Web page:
By UNICEF| Lucy Lyon |
Eighty five per cent of Syrian refugee children in Jordan are living below the poverty line and a staggering 94 per cent of those under five in “multidimensional” poverty, meaning that they are deprived of some of the most basic needs such as education, health or protection, an assessment by the United Nations Children’s Fund (UNICEF) has revealed.
“Seven years into [the Syria] crisis, we need to collectively continue to do all that we can to support vulnerable refugee children and their families that are struggling to meet their basic needs,” Robert Jenkins, the head of UNICEF programmes in Jordan, said in a news release Sunday.
Based on responses from the refugees, the assessment also showed that close to 65 per cent of Syrian refugee families are either food insecure or on the verge of becoming food insecure – meaning they do not have enough for an adequate diet.
UNICEF teams also reported parents stating that that they skip meals to allow their children to sufficiently eat.
Furthermore, nearly half the children in the 0-5 age group do not have access to proper health services including vaccinations and disability services, and 16 per cent do not have a birth certificate, exposing them to additional risks as they grow up.
In all 38 per cent of Syrian children are not in school; while for children aged 6-17 years, child labour and violence continue to be key challenges.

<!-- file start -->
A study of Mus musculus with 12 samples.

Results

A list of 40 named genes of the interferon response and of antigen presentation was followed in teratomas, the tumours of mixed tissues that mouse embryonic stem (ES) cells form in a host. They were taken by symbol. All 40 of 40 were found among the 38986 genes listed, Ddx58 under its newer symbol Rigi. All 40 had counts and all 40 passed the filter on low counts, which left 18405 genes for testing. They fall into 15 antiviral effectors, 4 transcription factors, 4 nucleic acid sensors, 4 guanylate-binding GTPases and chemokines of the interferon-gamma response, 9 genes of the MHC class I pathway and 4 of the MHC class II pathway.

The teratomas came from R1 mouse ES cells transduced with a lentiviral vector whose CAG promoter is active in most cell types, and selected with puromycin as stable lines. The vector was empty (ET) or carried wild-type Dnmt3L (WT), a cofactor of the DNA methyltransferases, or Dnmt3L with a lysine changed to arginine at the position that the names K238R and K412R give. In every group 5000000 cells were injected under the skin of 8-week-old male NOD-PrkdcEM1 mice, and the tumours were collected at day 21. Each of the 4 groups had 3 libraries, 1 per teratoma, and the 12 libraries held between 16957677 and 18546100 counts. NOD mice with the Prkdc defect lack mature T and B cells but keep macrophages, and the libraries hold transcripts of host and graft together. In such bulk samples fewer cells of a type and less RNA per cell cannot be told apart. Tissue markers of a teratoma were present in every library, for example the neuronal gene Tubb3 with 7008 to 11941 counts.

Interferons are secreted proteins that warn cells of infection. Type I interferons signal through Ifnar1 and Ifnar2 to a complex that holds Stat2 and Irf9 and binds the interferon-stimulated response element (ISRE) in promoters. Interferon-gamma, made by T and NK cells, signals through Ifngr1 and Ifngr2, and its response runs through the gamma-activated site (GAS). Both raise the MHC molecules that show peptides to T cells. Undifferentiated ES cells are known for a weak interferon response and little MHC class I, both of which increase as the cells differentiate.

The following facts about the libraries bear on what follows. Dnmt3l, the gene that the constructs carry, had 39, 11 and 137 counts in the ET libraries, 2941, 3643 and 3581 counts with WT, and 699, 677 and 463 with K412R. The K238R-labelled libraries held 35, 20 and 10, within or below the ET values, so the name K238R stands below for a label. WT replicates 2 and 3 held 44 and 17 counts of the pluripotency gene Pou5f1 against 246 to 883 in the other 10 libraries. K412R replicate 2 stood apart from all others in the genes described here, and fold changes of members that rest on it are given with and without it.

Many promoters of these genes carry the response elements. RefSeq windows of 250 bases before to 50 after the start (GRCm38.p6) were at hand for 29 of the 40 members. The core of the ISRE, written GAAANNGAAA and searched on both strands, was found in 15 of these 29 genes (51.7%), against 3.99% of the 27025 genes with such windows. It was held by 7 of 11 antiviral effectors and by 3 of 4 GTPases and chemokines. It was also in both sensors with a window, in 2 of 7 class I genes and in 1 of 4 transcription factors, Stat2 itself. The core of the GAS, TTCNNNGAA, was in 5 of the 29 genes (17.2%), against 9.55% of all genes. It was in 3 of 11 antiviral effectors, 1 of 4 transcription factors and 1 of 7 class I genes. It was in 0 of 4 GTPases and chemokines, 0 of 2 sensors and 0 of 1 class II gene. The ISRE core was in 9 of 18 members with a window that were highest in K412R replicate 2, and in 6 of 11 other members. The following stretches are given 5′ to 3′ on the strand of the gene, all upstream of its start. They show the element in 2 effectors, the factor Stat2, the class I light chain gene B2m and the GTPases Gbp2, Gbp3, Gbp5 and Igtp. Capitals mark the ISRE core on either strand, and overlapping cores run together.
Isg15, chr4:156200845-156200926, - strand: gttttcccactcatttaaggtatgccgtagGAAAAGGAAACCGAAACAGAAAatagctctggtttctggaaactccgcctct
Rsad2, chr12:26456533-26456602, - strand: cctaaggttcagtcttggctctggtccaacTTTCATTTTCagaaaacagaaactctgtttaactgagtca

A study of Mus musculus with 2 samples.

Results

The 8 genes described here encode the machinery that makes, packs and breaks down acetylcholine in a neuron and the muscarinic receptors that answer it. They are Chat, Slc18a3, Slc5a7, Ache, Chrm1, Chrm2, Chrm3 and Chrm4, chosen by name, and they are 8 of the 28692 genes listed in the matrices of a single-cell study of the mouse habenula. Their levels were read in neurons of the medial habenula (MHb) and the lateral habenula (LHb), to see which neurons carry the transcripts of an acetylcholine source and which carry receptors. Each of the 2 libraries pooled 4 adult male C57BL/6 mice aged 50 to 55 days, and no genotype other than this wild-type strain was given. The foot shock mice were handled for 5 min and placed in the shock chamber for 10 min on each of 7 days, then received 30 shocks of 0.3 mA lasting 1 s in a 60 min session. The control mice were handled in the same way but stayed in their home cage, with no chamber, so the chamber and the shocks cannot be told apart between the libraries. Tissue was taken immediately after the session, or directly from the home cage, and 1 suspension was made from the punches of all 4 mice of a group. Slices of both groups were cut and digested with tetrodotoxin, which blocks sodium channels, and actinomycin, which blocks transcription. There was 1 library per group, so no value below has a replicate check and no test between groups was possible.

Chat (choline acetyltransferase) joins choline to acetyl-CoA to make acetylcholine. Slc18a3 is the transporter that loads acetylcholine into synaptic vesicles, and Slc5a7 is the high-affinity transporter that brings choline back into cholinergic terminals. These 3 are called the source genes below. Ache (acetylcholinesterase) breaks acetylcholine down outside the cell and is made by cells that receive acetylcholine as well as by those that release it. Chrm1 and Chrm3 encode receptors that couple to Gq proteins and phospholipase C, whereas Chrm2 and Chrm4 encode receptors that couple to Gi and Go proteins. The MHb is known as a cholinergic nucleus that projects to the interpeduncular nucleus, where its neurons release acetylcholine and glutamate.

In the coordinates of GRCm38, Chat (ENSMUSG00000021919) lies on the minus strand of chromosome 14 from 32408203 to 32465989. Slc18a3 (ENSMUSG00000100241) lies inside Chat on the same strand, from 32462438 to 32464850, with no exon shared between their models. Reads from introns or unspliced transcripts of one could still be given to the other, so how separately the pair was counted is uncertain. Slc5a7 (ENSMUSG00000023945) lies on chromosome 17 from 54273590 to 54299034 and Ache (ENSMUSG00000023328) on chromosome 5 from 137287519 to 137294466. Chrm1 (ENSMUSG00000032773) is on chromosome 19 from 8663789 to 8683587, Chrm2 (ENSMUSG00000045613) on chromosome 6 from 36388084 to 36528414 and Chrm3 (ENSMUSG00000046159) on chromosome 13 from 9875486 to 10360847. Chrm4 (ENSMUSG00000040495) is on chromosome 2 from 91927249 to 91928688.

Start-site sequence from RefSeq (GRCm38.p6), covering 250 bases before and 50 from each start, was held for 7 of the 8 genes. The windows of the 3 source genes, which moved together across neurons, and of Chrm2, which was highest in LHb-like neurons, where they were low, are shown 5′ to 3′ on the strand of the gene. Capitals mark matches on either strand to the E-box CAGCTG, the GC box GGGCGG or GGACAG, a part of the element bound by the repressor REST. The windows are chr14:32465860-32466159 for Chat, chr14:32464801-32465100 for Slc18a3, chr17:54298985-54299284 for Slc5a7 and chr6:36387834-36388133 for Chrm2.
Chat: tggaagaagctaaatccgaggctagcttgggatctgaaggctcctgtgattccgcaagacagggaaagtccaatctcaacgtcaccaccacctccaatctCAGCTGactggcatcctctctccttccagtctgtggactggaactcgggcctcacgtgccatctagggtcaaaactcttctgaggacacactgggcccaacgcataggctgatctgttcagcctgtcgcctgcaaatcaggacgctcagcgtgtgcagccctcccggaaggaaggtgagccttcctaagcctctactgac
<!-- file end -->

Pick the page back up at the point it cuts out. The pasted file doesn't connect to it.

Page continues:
Responding to the crisis, UNICEF is working with the Government of Jordan as well as donors and partner organizations to provide targeted support and youth to positively engage in their communities and transition to meaningful employment, continuing education and training opportunities.
However, its efforts have been severely affected by a funding crunch. The UN agency currently faces a funding shortfall of $145.7 million to meet the needs of all vulnerable children in Jordan this year.
“With the unparalleled massive scale of Syria crisis and its prolonged nature, Jordan needs continued support in order to manage the impact of this crisis and meet the needs of vulnerable children,” added Mr. Jenkins.
According to estimates, there are about 660,000 Syrian refugees in the country. Slightly over half that number are children aged 17 or below.